By Jason Hamlin
There has been a fundamental shift in central banks’ behavior with respect to gold over the past decade. The 2008 financial crisis led central banks to re-evaluate the relevance and importance of gold on their balance sheets. Check out the sudden change in sentiment that occurred in 2009, as central banks shifted from being net sellers to net buyers for the first time in 20 years.
While central bank appetite for gold has been strong ever since the financial crisis, it really picked up in 2018. They added 651.5 tonnes to official gold reserves, up 74% versus 2017 to the second highest yearly total on record!
Net purchases jumped to their highest level since the end of US dollar convertibility into gold in 1971. Central banks are increasingly looking to diversify their holdings by increasing exposure to gold.
This is significant, as central banks are the ‘smart money’ given their influence on global economics and access to non-public information. It makes one wonder what exactly they know that led to the largest increase in gold purchases in nearly 50 years!
Is the global economy is greater trouble than they are disclosing? Will the U.S. dollar decline sharply over the next few years or even lose world reserve status? Has the growing global debt burden finally reached levels too high to manage?
Perhaps it is no coincidence that the New York Fed made a stunning admission this week that the U.S. dollar could lose its reserve status:
“Nevertheless, recent trends bear watching as history suggests that a currency’s dominant status is not immutable.”
Of course, this is nothing new to anyone that has studied monetary history. But it is new for a U.S. central bank to publicly admit (warn?) about the possibility of a dollar crisis.
The dollar is facing a number of significant headwinds, as nations around the globe are increasingly finding ways to circumvent the dollar in global trade. Russia, China and other nations are de-dollarizing their assets, dumping dollar-denominated U.S. debt while buying gold at a record pace.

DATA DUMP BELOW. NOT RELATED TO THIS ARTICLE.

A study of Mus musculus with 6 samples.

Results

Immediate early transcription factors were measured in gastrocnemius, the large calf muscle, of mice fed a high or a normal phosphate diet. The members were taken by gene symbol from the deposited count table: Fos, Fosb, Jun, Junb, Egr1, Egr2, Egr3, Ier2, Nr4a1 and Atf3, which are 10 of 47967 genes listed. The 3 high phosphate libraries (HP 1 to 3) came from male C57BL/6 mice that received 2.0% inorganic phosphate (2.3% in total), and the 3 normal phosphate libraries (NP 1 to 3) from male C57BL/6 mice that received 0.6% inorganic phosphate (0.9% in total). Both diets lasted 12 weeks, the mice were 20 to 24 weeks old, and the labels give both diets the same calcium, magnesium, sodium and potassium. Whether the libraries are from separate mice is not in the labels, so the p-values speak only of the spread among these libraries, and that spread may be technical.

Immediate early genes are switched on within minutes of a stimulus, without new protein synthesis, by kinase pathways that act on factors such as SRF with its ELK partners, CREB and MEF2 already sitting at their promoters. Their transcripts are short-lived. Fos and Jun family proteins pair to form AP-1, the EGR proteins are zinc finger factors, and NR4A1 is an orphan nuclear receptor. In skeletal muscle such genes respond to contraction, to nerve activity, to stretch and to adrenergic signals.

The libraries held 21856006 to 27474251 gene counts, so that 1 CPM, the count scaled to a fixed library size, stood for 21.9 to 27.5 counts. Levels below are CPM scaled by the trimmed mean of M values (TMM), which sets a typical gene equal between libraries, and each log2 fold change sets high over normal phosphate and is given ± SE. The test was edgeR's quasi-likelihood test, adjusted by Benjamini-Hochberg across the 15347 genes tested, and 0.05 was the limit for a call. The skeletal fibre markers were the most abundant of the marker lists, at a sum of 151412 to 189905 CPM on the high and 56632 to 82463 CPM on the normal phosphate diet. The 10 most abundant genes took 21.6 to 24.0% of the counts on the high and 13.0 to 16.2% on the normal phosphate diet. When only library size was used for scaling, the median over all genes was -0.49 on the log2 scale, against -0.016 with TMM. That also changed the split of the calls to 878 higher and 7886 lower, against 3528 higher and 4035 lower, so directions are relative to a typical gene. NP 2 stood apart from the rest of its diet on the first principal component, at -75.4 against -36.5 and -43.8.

The trade war with China and potential for the government shutdown to resume are other near-term factors that are weighing on the dollar. Democrats and Republicans appear unable to find a compromise regarding funds for building a border wall. They have until Friday, February 15th, to come up with an agreement or risk another government shutdown.
The spike in gold demand is occurring against the backdrop of static supply, up less than 1% during 2018. Mine production was up just 0.8%, the slowest pace of growth in over decade.
This is largely a factor of decreased investment in exploration and fewer new mines being built during times when profit margins are compressed. It is also becoming more difficult and expensive to find major new gold discoveries.
Increasing demand and flat supply is a clear recipe for higher gold prices. It is too early to tell if the 2018 jump in central bank demand will be sustained, so we will be watching quarterly demand trends closely in 2019. Overall gold demand increased by 4% in 2018.
In addition to the bullish supply and demand factor, the Federal Reserve is helping to lift gold prices via a new ‘patient’ outlook with respect to raising rates or reducing their balance sheet.
The price spike over the past few months suggests that investors are becoming increasingly bullish on gold. The gold price is up $150 from the August 2018 lows. It has also broken through key resistance levels on the chart, including the 7-year resistance trend line, psychologically-important $1,300 price level and both the 100-day and 200-day moving averages.
The RSI momentum indicator is currently at 58, after retreating from overbought levels with the recent pullback. So far the $1,300 level appears to be holding. This is key, as it helps to confirm the breakout when prior resistance turns into new support.
Gold still needs to take out major resistance at $1,365 in order to increase our confidence that a new bull cycle is underway. But the recent move is encouraging and if the Federal Reserve is done (or close to being done) with rate hikes, this could ignite the major rally in precious metals.
It is not only gold that is seeing an increase in demand lately. According to the U.S. Mint’s most recent update, Silver Eagle sales jumped 24% during January to 4,017,500 ounces. This comes amidst forecasts for increased industrial demand for silver in 2019 and a multi-year decline in silver supply. These factors could push the silver price back above $20 in 2019.
Gold and silver could be at the start of a new bull cycle, as a number of bullish fundamental and technical factors are emerging. Mining stocks have been offering excellent leverage to the move higher in the metals over the past few months and we expect this trend to continue.
The biggest gains are often realized at the start of new bull market cycles and several of our mining stock positions have generated double-digit gains so far in 2019. Get our research into undervalued mid-tier and junior mining stocks by subscribing here.